I just finished a three-week run as Sebastian in Shakespeare’s The Tempest for The Footlight Club (TFC) in Jamaica Plain. It was my first role at TFC and overall a pleasant first-timer experience. TFC has a solid base of members that seem ready and willing to pitch in on all sorts of aspects of a production that are the responsibility of the actors at smaller community theaters. There was a work requirement, but, at least for this show, the set building and strike were relatively easy and aided by much work from members not appearing on stage in the production. The facilities at TFC are excellent – there are workshops, a good-size collection of costumes, large collection of props, plenty of lighting and sound equipment – working with a group that has its own facility really makes a difference for an actor in community theater – everything is easier.
The production itself was good, I’m told. I believe it made a bit of money for TFC – helping a bit, I hope, to pay for the repair of their building’s roof. There are bad sides to owning your own facility – especially one that was built in the 19th century.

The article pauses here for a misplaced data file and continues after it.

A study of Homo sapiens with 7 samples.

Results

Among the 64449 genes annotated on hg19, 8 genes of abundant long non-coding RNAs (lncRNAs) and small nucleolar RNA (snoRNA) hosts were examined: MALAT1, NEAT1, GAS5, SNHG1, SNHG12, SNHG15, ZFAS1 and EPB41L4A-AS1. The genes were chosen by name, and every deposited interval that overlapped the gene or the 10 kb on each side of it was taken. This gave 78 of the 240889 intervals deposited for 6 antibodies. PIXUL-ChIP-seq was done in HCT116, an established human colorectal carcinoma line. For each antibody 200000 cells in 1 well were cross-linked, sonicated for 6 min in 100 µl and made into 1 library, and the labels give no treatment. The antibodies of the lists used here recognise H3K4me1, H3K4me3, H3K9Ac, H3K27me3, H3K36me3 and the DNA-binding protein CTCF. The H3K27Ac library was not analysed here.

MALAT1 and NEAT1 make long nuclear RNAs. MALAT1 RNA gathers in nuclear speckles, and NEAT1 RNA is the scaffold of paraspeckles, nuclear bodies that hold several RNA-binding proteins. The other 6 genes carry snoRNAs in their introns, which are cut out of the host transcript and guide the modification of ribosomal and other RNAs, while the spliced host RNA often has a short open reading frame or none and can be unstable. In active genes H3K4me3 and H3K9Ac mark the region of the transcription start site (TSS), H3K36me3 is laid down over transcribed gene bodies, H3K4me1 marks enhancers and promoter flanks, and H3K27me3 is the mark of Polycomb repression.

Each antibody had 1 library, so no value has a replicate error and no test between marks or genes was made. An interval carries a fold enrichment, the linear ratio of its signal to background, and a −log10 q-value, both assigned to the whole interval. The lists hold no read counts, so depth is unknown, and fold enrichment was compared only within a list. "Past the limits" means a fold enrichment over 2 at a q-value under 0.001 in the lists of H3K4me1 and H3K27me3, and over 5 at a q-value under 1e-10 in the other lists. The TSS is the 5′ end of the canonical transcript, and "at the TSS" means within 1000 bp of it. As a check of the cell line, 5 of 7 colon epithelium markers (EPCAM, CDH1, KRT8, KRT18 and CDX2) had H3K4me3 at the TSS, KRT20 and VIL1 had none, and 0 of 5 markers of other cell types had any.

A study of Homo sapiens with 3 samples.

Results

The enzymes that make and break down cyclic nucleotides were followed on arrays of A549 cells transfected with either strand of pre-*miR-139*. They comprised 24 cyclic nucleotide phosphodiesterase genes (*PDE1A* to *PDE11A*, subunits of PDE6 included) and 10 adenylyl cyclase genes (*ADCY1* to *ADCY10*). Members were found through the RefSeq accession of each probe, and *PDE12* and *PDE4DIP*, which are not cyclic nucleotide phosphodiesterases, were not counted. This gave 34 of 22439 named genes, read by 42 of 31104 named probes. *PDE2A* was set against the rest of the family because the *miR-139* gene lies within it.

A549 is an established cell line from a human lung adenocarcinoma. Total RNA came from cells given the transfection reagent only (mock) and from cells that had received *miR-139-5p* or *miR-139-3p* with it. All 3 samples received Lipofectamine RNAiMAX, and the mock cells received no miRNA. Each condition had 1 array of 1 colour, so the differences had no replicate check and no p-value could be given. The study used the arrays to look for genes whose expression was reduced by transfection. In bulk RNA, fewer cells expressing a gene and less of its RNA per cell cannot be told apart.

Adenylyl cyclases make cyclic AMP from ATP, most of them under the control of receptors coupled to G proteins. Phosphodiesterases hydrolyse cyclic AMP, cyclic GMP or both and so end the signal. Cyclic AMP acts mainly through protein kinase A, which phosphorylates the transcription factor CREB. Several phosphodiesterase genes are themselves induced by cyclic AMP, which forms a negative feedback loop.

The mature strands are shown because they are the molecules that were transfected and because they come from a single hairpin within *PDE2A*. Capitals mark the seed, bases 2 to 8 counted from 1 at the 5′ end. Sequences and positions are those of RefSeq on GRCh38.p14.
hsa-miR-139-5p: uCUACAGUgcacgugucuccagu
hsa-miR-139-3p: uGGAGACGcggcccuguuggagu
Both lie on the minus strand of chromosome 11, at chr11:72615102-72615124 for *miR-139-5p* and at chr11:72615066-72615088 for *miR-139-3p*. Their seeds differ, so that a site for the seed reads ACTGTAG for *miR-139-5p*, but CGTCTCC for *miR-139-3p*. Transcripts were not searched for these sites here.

At first I was a bit disappointed to be offered the role of Sebastian, but after exploring the part, I found much of interest in it. I eventually decided that Sebastian is to a fair extent the class clown surrounded by a bunch of royal straight men. This “discovery” made it easy to make Sebastian’s dialog work. He is one of the play’s “bad guys”, but not really evil at heart. He is weak, vain, and impatient – especially impatient of Gonzalo’s aged wisdom. Antonio leads him into evil easily enough, but when the tables turn against Antonio, he quickly finds joy in the happy ending wrought by Prospero.
From a more technical point of view, Sebastian is a good role because he appears in the play’s first and last scenes, and although most of his dialog is in the middle of the play, he does have lines sprinkled through some later scenes and even has one of the last lines in the play not spoken by Prospero. His character is revealed as being witty – if not overly intelligent. He shows anger, fear, irritation, joy, and amazement. All that, and the part is not really very long and so it was quickly memorized. This was another big advantage for me since I had a fairly active summer doing non-theatrical things during the rehearsal process. Not a bad way to spend the summer and a nice experience overall.
There was some stuff I did not like about the production, but I won’t carp about them. I’ll just say that there were some “missed opportunities” and leave it at that. I’ll take the greater good with the lesser evil, as Shakespeare probably said more or less in some play or other.
Next up: the role of Fiorello in Rossini’s The Barber of Seville.